Exercising trains the lungs just as it trains the muscles in a body. However, some patients and clients will find it more difficult to breathe during periods of physical exertion; this is often because of asthma.
There are several types of asthma, all of which affect how the body receives and processes oxygen during times of stress. It’s good to ask your patients and clients if they have asthma or other breathing and heart-related conditions prior to building a diet and exercise regimen. However, not all those afflicted with asthma will know about it prior to your program. Asthma can occur later in someone’s life, brought on by smoking or simply being hereditary. It can also be exclusively caused by high levels of physical activity, commonly called exercise-induced asthma.
Take precautions at your facility, clinic, or gym by having breathing tools and a certified medical technician on shift. After the asthma presents itself, inform your patients and clients of what they can do to exercise safely and effectively. Here are a few examples:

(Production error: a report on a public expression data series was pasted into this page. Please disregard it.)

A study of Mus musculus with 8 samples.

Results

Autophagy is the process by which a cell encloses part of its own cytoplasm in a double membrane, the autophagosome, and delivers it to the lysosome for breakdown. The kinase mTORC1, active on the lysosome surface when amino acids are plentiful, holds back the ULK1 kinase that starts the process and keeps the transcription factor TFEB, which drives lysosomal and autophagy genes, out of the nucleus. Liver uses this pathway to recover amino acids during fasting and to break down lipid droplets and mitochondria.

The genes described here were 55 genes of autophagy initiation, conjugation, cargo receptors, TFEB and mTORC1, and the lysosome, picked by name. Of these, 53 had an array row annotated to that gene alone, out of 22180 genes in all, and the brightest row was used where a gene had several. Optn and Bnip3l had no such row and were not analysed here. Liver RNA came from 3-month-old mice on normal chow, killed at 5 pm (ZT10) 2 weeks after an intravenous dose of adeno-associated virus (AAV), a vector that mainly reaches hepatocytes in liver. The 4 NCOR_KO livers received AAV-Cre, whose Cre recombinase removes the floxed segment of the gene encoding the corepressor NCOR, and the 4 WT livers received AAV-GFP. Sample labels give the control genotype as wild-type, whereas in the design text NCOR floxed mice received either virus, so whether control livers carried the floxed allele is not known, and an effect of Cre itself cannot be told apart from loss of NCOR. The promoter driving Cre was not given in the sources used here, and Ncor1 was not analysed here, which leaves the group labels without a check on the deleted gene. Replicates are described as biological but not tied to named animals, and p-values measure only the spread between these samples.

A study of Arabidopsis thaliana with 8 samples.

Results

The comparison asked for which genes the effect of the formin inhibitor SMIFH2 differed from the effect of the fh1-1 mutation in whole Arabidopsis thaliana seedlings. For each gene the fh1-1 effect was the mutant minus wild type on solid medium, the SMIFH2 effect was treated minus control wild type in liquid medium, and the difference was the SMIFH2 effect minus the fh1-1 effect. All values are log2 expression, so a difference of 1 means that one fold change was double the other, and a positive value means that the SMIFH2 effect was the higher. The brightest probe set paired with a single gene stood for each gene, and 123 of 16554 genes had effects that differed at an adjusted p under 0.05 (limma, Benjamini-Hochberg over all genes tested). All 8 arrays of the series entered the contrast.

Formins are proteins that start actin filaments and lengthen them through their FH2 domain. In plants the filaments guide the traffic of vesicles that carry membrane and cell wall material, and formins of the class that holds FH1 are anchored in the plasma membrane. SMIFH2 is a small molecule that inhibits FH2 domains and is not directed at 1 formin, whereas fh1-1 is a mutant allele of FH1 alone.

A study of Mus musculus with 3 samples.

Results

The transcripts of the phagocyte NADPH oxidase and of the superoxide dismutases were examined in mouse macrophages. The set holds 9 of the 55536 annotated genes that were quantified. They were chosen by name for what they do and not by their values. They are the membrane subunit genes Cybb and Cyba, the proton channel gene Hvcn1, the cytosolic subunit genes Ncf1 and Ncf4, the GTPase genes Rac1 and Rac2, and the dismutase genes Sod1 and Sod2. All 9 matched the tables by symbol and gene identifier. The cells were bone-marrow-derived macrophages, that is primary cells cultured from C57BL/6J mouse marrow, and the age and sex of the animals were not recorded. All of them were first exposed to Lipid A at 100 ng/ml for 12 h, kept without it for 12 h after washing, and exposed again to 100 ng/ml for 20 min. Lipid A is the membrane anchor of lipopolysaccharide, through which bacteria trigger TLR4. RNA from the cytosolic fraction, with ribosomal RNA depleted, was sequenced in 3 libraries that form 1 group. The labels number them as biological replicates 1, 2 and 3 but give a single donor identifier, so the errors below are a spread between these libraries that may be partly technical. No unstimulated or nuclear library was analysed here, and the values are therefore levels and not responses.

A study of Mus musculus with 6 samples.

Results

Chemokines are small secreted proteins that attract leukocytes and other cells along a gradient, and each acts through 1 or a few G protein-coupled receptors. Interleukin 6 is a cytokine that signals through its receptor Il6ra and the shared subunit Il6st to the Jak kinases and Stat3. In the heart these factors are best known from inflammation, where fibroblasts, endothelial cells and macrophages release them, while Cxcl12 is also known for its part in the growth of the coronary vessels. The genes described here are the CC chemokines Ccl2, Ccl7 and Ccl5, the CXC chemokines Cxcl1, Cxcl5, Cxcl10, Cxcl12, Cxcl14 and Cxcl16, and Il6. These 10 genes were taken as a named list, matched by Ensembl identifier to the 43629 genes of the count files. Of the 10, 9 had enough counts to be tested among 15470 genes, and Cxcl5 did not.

Whether your clients are physically active in your presence or not, they are your responsibility to ensure safe standards for exercise and health. Advise them to speak to their regular doctor before exercising with asthma to learn about their personal “green zone” and how to best stay in that zone. Some doctors can even help patients build an action plan.
For an ever larger breathing benefit for your client, consider promoting products with the ingredient Aller-7®, a blend of natural herbs that show improvements in nasal symptom scores, including sneezing and nasal congestion. For more information, inquire with InterHealth at firstname.lastname@example.org.